High Cholesterol

Cholesterol can be found in fats (lipid) in your blood. The fat protein complexes in your blood are called lipoproteins and are best known as:

  • LDL (low density lipoprotein)
  • HDL (high density lipoprotein)

Your body needs the cholesterol to continue building healthy cells. However, having high levels of cholesterol in your blood can increase your chances of developing heart disease.

When you have high cholesterol (excessive LDL) your body may develop fatty deposits in your blood vessels. After time, these deposits can make it difficult for enough blood to flow through your arteries. This may prevent blood from flowing to vital organs like your heart or brain, which could lead to heart attack or stroke.

In contrast, if you have a low level of HDL cholesterol in your blood, your chances for coronary heart disease are greatly increased. Low HDL cholesterol levels are generally accompanied by high triglycerides.

High Triglycerides

Triglycerides are a type of fat in your blood. When you eat, your body converts any extra calories it doesn’t need into triglycerides. These are then stored in your fat cells. Later, your body will release the triglycerides as needed for energy. If you usually eat more calories than you burn (especially if the calories come from carbohydrates or fats) then you may have high triglyceride levels.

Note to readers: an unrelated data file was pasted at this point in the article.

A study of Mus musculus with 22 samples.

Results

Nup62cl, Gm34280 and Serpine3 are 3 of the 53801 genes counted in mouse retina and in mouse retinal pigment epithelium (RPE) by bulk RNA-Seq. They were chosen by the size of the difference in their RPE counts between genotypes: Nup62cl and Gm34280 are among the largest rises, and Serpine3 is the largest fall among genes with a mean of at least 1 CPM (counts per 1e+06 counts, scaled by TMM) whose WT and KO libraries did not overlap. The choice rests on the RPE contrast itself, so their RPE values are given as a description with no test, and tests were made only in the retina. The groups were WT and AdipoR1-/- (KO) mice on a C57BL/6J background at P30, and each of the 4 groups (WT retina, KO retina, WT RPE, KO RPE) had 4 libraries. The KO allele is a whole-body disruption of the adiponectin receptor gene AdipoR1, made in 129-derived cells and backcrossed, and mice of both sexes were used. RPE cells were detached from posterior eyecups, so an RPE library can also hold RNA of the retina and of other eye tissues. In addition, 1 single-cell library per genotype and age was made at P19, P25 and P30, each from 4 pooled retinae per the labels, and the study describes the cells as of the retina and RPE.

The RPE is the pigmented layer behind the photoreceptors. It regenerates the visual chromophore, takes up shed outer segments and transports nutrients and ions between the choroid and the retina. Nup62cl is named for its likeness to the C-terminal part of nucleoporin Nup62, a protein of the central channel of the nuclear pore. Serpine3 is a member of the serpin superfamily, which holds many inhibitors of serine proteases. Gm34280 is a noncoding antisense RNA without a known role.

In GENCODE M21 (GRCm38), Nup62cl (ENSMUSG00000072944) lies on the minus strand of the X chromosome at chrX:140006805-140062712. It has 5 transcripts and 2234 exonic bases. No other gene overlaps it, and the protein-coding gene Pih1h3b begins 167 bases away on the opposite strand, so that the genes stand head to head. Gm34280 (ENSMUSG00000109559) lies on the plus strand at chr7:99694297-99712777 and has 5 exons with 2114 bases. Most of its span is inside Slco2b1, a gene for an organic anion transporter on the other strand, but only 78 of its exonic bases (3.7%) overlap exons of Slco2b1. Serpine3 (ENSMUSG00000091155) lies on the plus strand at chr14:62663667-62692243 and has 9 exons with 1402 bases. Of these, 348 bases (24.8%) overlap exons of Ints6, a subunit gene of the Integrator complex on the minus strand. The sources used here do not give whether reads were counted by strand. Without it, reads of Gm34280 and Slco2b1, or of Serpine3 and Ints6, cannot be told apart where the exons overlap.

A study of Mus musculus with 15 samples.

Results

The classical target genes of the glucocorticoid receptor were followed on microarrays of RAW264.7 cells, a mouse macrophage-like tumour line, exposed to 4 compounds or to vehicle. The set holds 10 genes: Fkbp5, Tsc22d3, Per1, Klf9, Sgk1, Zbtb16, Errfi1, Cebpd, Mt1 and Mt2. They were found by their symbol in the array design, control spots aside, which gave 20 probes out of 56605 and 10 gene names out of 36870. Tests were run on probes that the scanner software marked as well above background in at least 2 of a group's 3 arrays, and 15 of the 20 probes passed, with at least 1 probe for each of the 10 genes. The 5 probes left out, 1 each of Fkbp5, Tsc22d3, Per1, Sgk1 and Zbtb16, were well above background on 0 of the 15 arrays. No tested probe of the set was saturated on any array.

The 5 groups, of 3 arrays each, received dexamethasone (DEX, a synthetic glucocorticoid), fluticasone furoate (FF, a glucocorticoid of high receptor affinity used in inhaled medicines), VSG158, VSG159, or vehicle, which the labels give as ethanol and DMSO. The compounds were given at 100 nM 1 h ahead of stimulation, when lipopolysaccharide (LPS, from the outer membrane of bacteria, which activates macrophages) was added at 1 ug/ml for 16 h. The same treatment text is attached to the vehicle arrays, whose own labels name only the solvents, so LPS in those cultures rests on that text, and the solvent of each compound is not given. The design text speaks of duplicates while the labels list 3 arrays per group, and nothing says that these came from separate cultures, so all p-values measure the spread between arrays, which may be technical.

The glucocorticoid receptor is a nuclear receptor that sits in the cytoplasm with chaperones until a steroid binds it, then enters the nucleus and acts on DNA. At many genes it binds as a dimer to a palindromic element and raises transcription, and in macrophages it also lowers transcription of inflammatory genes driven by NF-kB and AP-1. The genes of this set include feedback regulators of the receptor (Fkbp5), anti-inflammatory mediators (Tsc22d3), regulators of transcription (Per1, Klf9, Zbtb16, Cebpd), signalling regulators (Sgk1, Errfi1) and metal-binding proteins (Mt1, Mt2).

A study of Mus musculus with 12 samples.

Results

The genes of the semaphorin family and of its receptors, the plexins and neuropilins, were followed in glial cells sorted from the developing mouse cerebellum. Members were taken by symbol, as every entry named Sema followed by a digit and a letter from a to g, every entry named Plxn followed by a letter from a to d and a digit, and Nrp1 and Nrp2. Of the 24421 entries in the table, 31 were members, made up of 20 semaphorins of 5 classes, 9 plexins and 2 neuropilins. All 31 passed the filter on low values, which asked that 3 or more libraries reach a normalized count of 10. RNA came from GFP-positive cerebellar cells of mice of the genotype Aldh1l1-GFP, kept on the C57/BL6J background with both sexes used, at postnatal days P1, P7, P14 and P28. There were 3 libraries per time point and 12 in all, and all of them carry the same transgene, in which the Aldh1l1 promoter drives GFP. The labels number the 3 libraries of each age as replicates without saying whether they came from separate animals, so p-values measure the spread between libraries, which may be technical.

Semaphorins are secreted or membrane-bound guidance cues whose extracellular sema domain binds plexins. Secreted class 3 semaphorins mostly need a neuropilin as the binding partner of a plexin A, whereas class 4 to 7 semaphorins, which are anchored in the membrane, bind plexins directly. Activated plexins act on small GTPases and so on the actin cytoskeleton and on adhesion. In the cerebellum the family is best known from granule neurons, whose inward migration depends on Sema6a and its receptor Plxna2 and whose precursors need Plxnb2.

High triglycerides usually indicate other health conditions that increase your risk of stroke, heart disease and heart attack.

Treating Hyperlipidemia

To diagnose hyperlipidemia, your doctor will perform a routine blood test to check your levels of cholesterol and triglyceride. If you’ve been diagnosed with hyperlipidemia, your treatment will depend upon the type lipids that are too high (or too low).

Most commonly, cases of hyperlipidemia are treated with:

  • Medication that works to lower the LDL cholesterol in your blood.
  • Intensive dietary changes
  • Regular exercise

If you are obese or struggling with your weight, your risk to develop hyperlipidemia is greatly increased. It is important that you consult your doctor or weight loss specialist if you believe that you may be at risk. With the right treatment plan you can not only maintain your cholesterol levels, but you can also lose weight and work towards a healthier lifestyle.